Donald Curtis meets his 15 youth at 9 a.m. for Saturday basketball. It’s an early start for most teenagers, but the outdoor court can get dicey later in the day. Aside from scattered glass shards, gangs stake claim to the blacktop as afternoon arrives.
But basketball isn’t really what brings Curtis to the Washington, D.C., public housing community of Clay Terrace. He’s there for the youth—to encourage, educate, and empower them.
“Anytime a kid puts on one of our jerseys and they play well or they play bad, they have a vision of themselves playing at the college or professional level,” he said. “That’s the college access point.”
Curtis runs the nonprofit Student-Athletes Organized to Understand Leadership, or SOUL, which uses athletics as a gateway to academic and professional development for at-risk boys and young men. He also serves as programs and operations coordinator in AU’s Center for Community Engagement & Service.
While it has yet to reach its first birthday, SOUL has gathered serious momentum and backing. The program currently meets on Saturdays during the year, building toward a full-time summer camp. There, the youth receive literacy instruction from a local D.C. professor, professional development, and basketball coaching from private trainer Shawn Samuels, whose clients have gone on to play at Duke and the University of Kentucky, among other places.
Needless to say, it’s a holistic approach to youth development.
One of Curtis’ biggest disappointments fueled the birth of SOUL, now perhaps his greatest success. Seven years ago, he co-founded a Northern Virginia basketball program called the Alexandria Kings.
A graduating high school senior from the Kings landed a basketball scholarship to Wells College in New York, where he could also take classes at nearby Ithaca College. Donald was thrilled. But after just a year, the student—lacking a solid academic base—flunked out.
It was a wakeup call for Curtis. “That led me to think, ‘We’ve got to do more than just basketball,’” he said. “‘We can get our kids to college, but we have to figure out how to get them prepared for college.’”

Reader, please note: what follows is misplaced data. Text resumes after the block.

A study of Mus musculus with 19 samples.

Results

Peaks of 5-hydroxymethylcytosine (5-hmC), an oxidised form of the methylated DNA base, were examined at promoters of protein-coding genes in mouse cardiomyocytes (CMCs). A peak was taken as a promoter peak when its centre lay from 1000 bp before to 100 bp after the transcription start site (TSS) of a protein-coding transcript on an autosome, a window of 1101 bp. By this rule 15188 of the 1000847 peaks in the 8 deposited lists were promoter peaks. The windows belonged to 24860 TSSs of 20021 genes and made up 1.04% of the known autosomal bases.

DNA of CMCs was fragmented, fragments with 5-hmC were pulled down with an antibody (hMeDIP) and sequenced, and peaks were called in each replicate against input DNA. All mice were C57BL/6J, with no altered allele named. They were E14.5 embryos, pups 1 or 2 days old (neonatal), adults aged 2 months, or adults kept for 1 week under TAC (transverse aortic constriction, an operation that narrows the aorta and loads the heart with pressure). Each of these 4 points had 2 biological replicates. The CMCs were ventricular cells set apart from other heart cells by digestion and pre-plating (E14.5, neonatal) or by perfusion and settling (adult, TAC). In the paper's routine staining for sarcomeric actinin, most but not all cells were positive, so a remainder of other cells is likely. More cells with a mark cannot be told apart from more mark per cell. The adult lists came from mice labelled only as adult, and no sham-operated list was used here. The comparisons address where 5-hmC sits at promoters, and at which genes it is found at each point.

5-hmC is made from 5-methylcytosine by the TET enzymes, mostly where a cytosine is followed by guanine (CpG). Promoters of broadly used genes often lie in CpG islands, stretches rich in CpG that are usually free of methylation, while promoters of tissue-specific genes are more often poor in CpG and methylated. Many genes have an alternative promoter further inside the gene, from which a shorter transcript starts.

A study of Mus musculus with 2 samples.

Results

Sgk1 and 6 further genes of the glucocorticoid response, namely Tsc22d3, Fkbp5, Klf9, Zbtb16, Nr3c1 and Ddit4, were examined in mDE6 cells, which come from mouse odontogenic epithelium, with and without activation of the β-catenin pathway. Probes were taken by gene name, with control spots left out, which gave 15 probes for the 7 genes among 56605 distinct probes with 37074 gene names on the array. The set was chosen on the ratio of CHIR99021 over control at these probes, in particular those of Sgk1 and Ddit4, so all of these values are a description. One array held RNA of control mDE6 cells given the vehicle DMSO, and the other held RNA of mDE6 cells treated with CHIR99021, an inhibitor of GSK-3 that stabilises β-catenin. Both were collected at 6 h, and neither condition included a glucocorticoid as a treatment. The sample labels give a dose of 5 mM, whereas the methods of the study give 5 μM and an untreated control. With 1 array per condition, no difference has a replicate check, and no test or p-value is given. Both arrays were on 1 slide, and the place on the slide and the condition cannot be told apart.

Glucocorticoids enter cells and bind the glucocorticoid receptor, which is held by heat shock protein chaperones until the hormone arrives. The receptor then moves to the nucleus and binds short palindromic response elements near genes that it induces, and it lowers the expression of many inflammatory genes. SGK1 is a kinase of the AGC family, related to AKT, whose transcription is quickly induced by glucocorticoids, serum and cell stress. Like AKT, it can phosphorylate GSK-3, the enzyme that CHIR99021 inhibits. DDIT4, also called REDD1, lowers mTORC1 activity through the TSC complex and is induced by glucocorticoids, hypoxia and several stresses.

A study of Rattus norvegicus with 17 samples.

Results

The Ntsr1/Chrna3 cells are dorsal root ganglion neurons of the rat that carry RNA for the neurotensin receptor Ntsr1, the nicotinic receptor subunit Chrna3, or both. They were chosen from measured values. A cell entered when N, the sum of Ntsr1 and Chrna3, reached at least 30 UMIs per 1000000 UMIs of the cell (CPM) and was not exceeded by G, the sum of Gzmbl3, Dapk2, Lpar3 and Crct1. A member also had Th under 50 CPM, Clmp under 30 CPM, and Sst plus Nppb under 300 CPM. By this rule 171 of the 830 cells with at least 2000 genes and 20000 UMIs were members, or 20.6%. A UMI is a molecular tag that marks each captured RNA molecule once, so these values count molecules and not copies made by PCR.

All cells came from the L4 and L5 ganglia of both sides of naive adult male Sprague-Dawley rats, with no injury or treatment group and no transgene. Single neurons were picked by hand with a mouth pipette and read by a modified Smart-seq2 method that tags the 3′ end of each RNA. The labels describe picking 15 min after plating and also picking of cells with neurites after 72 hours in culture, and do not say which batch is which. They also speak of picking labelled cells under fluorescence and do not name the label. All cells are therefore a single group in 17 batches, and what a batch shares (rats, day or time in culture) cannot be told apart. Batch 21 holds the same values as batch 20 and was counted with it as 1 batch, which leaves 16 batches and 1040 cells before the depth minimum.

While he still continues with the Kings, his attention has shifted to address that missing academic piece through SOUL.
Curtis is planning well ahead for his youth, some of whom have experienced time in juvenile detention facilities. He’s collaborating with companies to create career day visits and even internship opportunities at local offices.
Curtis hopes to shift students’ expectations and self-images, but he also plans to change corporate perspectives as well. “Part of these career days with kids is actually to build a level of trust with business so they can see these kids as more than just poor kids from the community, but young kids with minds who aspire to achieve more.”
And companies are already buying into the idea, literally. On Saturday, April 5, SOUL is hosting its Inaugural Corporate Basketball Challenge, which will take place at D.C.’s Verizon Center—home of the NBA’s Washington Wizards.
After raising funds toward an entry fee, company teams ranging from PricewaterhouseCoopers and Evolent Health to the Advisory Board Company and the Royal Bank of Canada will compete against one another in a tournament. The raised funds will help SOUL strengthen its summer program and resources.
Plus, the Verizon Center was an obvious choice for a venue; last year the Wizards honored Curtis for his community assistance before naming him February’s coach of the month.
For Marcy Campos, director of AU’s Center for Community Engagement & Service, Curtis’ successes with SOUL are an extension of the work he does for the university. He’s taken those skills gained in planning AU’s MLK Day of Service and trained them on a specific population.
“In his six years at AU, Donald has demonstrated a strong commitment to equity and social justice in every aspect of his work on campus and off,” she said. “He is a leader who truly speaks from the heart and practices what he preaches.”
That leadership quality has established solid on-campus support, as AU students have used the university’s Community Service-Learning Program to intern with SOUL for course credit. As a result, Curtis views his organization as not just beneficial to his at-risk youth; he also believes it provides AU students the type of unique opportunity that the university is known for.
“If a business student works with me, they have the opportunity to work with CEOs of large organizations, a lot of individuals who can actually put them in jobs,” he said.
Still, his efforts really come back to supporting an at-risk community. In fact, it’s a neighboring community to where he grew up and where basketball pointed him toward college. Once a teen who played on a glass-strewn court similar to that of Clay Terrace, Curtis hopes to pass on the same motivation he received from his high school basketball team.
“Somebody helped me in this way. Somebody pushed me to do a little bit more. They used sports as a mechanism to get me there,” he said.